WASHINGTON - Catholics believe Pope Francis is doing a good job, but many disagree with Church doctrine on hot-button issues, especially contraceptives, according to a global poll out on Sunday.
The survey by the US-based Spanish-language network Univision of Catholics in 12 countries found that those most likely to support Church teachings are married men and women 55 years and older who attend mass frequently and live in rural areas.
For the rest, opinions on issues such as gay marriage, abortion, divorce and female priests vary by region, age, geographic location and income.
According to the poll, 87 percent of Catholics believe that Francis is doing a good or excellent job as his papacy reaches its first anniversary in March.
Yet 78 percent favor using contraceptives, a violation of Church doctrine.
On other issues there are marked regional differences: for example 80 percent of Catholics in Africa and 76 percent in the Philippines support the ban on female priests, but only 30 percent in Europe and 36 percent in the United States are in favor.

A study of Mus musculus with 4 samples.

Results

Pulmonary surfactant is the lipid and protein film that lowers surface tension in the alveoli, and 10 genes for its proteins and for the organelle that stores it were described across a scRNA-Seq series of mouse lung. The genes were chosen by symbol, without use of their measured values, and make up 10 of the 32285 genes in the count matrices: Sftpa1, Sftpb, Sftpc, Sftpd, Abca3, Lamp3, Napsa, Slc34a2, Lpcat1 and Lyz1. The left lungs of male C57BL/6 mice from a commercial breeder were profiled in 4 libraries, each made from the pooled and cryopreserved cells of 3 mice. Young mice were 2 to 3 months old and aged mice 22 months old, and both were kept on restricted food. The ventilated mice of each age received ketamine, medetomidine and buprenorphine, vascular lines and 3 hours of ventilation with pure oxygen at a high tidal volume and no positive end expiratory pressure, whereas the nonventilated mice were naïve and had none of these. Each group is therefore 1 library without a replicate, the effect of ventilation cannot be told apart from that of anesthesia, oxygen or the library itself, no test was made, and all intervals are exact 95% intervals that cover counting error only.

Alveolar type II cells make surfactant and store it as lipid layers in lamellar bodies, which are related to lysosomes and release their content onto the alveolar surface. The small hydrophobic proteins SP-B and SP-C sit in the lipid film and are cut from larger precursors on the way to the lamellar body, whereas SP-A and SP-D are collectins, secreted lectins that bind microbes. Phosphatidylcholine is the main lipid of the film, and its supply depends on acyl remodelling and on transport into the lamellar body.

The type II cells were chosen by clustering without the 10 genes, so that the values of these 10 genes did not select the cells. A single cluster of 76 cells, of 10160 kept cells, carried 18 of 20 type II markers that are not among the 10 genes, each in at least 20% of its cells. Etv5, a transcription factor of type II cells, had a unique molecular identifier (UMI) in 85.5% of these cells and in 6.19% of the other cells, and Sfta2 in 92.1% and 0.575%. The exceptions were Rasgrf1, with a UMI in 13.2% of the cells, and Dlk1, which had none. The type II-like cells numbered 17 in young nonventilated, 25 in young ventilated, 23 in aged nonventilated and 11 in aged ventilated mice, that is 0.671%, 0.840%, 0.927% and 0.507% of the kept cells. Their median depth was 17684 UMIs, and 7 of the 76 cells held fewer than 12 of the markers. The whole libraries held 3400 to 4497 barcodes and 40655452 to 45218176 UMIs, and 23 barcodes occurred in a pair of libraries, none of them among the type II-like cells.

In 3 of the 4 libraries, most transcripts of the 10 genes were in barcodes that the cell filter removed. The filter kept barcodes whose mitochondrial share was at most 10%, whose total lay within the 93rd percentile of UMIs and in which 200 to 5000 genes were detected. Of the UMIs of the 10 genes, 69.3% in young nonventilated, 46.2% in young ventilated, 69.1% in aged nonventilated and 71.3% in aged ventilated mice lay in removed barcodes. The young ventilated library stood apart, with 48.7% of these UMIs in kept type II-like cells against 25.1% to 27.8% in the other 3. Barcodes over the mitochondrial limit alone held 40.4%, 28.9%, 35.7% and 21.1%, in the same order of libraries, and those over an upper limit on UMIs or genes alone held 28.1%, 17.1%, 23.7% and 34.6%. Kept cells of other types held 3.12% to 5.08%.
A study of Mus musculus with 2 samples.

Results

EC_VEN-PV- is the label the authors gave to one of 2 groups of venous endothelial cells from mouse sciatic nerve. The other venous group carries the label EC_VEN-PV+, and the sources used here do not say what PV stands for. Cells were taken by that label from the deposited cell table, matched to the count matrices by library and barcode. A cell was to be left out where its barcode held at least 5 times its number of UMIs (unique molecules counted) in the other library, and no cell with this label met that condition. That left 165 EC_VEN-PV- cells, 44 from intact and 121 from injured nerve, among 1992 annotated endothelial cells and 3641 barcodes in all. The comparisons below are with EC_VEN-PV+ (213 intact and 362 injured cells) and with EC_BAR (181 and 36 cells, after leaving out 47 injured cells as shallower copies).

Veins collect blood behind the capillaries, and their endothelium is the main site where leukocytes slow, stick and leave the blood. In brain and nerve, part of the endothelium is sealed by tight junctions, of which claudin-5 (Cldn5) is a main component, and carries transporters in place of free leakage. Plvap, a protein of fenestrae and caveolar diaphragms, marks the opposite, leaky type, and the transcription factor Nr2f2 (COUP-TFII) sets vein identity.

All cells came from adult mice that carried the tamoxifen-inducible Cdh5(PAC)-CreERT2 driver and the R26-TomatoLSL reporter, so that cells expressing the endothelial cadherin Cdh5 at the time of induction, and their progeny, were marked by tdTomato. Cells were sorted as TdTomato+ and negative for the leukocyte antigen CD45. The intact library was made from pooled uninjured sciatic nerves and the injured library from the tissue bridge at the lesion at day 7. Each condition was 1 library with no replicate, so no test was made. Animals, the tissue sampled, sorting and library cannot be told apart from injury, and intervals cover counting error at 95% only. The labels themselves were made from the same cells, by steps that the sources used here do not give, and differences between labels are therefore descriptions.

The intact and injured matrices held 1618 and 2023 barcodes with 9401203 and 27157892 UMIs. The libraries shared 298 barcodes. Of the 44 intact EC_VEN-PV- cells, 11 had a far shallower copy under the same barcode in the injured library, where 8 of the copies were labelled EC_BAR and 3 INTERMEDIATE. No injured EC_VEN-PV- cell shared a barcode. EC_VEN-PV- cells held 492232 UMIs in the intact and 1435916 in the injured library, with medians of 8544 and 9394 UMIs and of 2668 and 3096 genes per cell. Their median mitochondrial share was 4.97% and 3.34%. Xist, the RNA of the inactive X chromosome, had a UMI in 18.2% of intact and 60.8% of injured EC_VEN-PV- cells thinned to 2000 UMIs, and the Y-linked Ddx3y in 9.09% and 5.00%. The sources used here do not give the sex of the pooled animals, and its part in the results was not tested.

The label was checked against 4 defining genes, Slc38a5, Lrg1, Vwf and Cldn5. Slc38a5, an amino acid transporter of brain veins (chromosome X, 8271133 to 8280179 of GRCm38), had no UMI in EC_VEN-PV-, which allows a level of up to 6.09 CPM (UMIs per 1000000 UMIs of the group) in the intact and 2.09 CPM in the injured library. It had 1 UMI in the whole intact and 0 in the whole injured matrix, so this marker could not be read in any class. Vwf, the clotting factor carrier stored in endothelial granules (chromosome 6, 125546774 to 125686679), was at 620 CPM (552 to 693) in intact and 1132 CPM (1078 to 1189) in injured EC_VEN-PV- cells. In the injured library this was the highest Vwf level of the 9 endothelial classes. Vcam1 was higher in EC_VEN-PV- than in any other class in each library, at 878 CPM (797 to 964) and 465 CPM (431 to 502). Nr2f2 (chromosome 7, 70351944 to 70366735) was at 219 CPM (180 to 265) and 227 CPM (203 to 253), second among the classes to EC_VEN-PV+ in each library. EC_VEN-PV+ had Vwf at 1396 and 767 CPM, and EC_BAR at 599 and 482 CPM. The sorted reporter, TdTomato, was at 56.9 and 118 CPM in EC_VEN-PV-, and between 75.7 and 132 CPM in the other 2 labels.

Catholics in Spain -- which for centuries enforced Church doctrine through the Holy Inquisition -- are among the most liberal in the world, according to the survey, along with those in France.
Catholics in Africa and the Philippines are the most conservative, while those in Argentina and Brazil are mostly liberal.
The poll by Bendixen & Amandi International for Univision surveyed 12,036 Catholics in Argentina, Brazil, Colombia, Democratic Republic of Congo, France, Italy, Mexico, Philippines, Poland, Spain, Uganda and the United States.
The countries represent 61 percent of the world's 1.2 billion Catholics, and pollsters say the survey has a 0.9 percent overall margin of error.